Monday, 22 August 2011


Names are very important to me. I can’t write a character until I have his or her name. With BURTON I wanted something monosyllabic and hard sounding, hence COLE. It was also important that I find some connection with Africa. I immediately thought of the great African explorers – Livingstone, Stanley – but considered their names too obvious. Luckily, years before I had read the biography of a more obscure figure: Sir Richard Burton, amongst other things: a linguist, spy and discoverer of the source of the Nile.

One of the questions I get asked most often is whether Burton is based on me. Of course it’s impossible to distance yourself entirely from your creations but in essence there is no connection between us. He’s certainly not an autobiographical character. So where did he come from?

Good question. And I’m not entirely sure of the answer. Apart from the name, he’s very different in temperament and background to the character in the original, unpublishable Africa Reich. The person he is now simply emerged as I was planning and researching the new version. As a hero he’s also an amalgamation of my influences, so there’s a sprinkling of the heroes from Greek mythology, Japanese chanbara tales, the spaghetti western, John Buchan, Graham Greene and maybe a certain Dr Jones. This is not an exhaustive list.

As for everything else, writing is a combination of inspiration and logic. So although the idea of him liking mango juice, for instance, came on a whim, other things – such as the character being a mercenary – were the consequence of logical deduction. I didn’t want Burton to be a German soldier and if he was identifiably a British officer this would cause problems for the plot, so this presented me with an obvious choice... which in turn made me think where he was trained. I wanted him to be part of an elite fighting force, and again I wanted an African connection, but all of this had to be in the context of him being an outsider. It wasn’t long after this that I reached for a copy of Beau Geste (a famous novel about the French Foreign Legion). That he is a Major is a little reference/in-joke – which you may or may not get.

The quality I admire most about Burton is his single-mindedness. He’s not interested in the trivia that seems to overwhelm our lives. I certainly can’t imagine him indulging in small talk at a party (here there is definitely an autobiographical element!). All he wants to do is survive. Survive, get back to Madeleine and be a quince farmer. I can understand that...

B is also for BK44

In preparation for the conquest of Africa, the Nazis began to develop an assault rifle that could function in the humidity of the tropics. However, as the war turned against them, and it was clear they weren’t heading towards the equator, the designs for this rifle morphed into the StG44 (pictured). Later these were appropriated by one Comrade Kalashnikov. My fictitiously named weapon – die Bananen Kanone – draws on all these elements. The ‘B’ refers to the banana shaped magazine; the K is a nod to the AK47; and the 44 refers not only to the StG but also the year Congo is invaded in my alternative history.


  1. I think there was an evil Sgt Major in Beau Geste but somehow I doubt that's the in joke you're referring to! LOL! I'm so glad Burton Cole morphed to be an elite trained mercenary soldier who doesn't do small talk at parties! I seriously can't wait to see what you have in store for him in Book2 but for now I think I'll have to re-read Book1 and see all these in-jokes and references!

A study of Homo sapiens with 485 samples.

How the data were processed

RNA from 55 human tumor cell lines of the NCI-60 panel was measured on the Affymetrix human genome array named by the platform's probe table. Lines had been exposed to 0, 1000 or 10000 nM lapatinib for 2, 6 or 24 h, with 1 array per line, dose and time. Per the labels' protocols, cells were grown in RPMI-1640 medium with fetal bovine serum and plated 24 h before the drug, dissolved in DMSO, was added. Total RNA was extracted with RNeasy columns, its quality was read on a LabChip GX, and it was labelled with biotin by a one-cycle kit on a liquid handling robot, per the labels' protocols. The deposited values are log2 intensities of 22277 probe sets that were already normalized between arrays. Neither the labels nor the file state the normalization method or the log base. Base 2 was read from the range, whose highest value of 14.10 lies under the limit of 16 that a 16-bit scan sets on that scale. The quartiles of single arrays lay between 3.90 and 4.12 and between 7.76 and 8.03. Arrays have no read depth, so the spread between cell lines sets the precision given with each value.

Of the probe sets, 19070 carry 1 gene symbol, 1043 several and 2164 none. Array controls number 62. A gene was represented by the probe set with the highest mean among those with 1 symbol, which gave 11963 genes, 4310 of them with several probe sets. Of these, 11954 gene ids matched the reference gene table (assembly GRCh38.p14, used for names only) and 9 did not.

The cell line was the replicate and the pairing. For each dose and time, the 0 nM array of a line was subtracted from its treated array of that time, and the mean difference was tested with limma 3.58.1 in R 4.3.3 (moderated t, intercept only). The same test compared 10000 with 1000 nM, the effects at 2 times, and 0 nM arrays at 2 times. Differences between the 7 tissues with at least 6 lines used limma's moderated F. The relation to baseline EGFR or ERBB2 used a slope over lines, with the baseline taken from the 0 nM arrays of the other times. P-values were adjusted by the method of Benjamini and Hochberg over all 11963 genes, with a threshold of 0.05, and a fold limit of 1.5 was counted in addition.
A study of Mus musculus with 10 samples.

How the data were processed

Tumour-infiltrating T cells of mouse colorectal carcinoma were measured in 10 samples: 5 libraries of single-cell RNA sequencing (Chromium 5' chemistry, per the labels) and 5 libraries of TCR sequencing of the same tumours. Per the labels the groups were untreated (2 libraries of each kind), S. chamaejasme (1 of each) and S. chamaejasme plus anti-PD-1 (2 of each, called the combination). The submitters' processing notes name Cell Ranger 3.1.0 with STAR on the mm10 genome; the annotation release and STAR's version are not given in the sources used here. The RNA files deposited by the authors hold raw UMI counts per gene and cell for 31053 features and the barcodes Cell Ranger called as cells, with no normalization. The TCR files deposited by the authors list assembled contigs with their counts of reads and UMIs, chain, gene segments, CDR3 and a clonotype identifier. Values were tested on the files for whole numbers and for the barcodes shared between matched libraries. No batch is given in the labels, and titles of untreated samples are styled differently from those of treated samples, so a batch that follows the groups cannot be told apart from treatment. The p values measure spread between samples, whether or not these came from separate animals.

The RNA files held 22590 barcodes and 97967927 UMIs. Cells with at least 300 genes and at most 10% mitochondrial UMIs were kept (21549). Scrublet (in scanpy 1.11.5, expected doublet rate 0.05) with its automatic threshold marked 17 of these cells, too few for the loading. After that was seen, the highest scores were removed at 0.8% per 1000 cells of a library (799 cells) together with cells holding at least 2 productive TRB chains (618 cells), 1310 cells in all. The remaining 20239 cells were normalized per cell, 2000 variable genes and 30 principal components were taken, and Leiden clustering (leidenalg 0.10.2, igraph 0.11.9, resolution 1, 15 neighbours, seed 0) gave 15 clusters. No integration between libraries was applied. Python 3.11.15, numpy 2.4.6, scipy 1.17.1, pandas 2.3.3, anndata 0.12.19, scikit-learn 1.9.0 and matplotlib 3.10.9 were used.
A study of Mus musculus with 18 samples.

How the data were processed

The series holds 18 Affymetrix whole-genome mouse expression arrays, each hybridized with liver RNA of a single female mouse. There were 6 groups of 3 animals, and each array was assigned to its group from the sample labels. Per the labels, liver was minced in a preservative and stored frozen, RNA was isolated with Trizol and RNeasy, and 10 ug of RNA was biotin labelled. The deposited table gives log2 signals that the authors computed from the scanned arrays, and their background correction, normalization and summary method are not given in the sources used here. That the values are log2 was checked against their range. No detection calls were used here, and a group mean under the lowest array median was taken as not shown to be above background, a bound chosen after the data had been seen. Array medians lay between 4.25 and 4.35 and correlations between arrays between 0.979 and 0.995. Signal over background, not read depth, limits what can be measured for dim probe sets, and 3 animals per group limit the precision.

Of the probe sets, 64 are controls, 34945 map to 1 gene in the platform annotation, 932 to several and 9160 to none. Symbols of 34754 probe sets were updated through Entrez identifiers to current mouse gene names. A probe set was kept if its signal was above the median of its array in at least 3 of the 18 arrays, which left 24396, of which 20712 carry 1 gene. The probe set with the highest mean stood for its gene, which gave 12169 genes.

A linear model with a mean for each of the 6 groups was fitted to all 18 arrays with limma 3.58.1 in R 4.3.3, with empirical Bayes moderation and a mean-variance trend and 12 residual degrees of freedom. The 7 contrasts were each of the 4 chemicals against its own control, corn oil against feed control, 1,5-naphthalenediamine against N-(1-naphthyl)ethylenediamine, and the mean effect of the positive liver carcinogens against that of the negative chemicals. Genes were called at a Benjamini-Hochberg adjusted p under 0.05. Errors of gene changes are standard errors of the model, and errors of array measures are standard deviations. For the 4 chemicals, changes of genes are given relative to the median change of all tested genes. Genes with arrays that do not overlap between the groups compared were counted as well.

Take care

  2. Further to the BK44 post, someone sent me a link to another experimental / prototype weapon that came after the StG44. See:

  3. Why is Burton refered to by his first name throughout and not Cole? Most thrillers I've read use surnames. Almost all the other characters in the book are also called by their surnames.

  4. Steve - thanks for your comment and sorry no to have replied sooner, I've only just seen it.

    I realise that in the majority of thrillers, surnames are the norm. However, I wanted to create a special bond between the reader and Burton and Patrick - hence why I used their first names. It was a way of engendering familiarity.

    It's also a nod to one of my favourite writers, WIlliam Boyd, who always refers to his lead characters by the first names, even in his most recent books which are thrillers.

  5. no German would name a handgun officially something with Kanone. Kanone is only used as slang for a handgun and in no way would the military or ss use it.

  6. I’ve had two anonymous comments in the past couple of weeks. Firstly, if you want to post I prefer you to use some kind of user name so I know whether I’m speaking to the same ‘Anon’ or different people; secondly, apologies for taking so long in replying: things are rather hectic at the moment.

    As for your comment… well quite possibly you’re right, but that is to miss the point. As I continue to allude to (both here and on Facebook, interviews etc) verisimilitude is not something I’m a slave to. Instead I’m looking to create my own version of reality - essentially the point of fiction.

    If you’re looking for every last detail to be accurate chances are you’ll be disappointed by my book because that’s not my intent. Indeed those who feel a need for historical accuracy are probably better off reading non-fiction… though whether non-fiction offers Authenticity / the Truth – both deliberately capitalised – is itself questionable.

    It’s also worth noting – and you may have picked this up by reading between the lines on my posting – that the BK’s name is meant as something of a joke… though clearly not all the readers of the book have the same sense of humour as me!

    Thanks for your comment.

    1. I did wonder if it was some kind of tongue-in-cheek joke!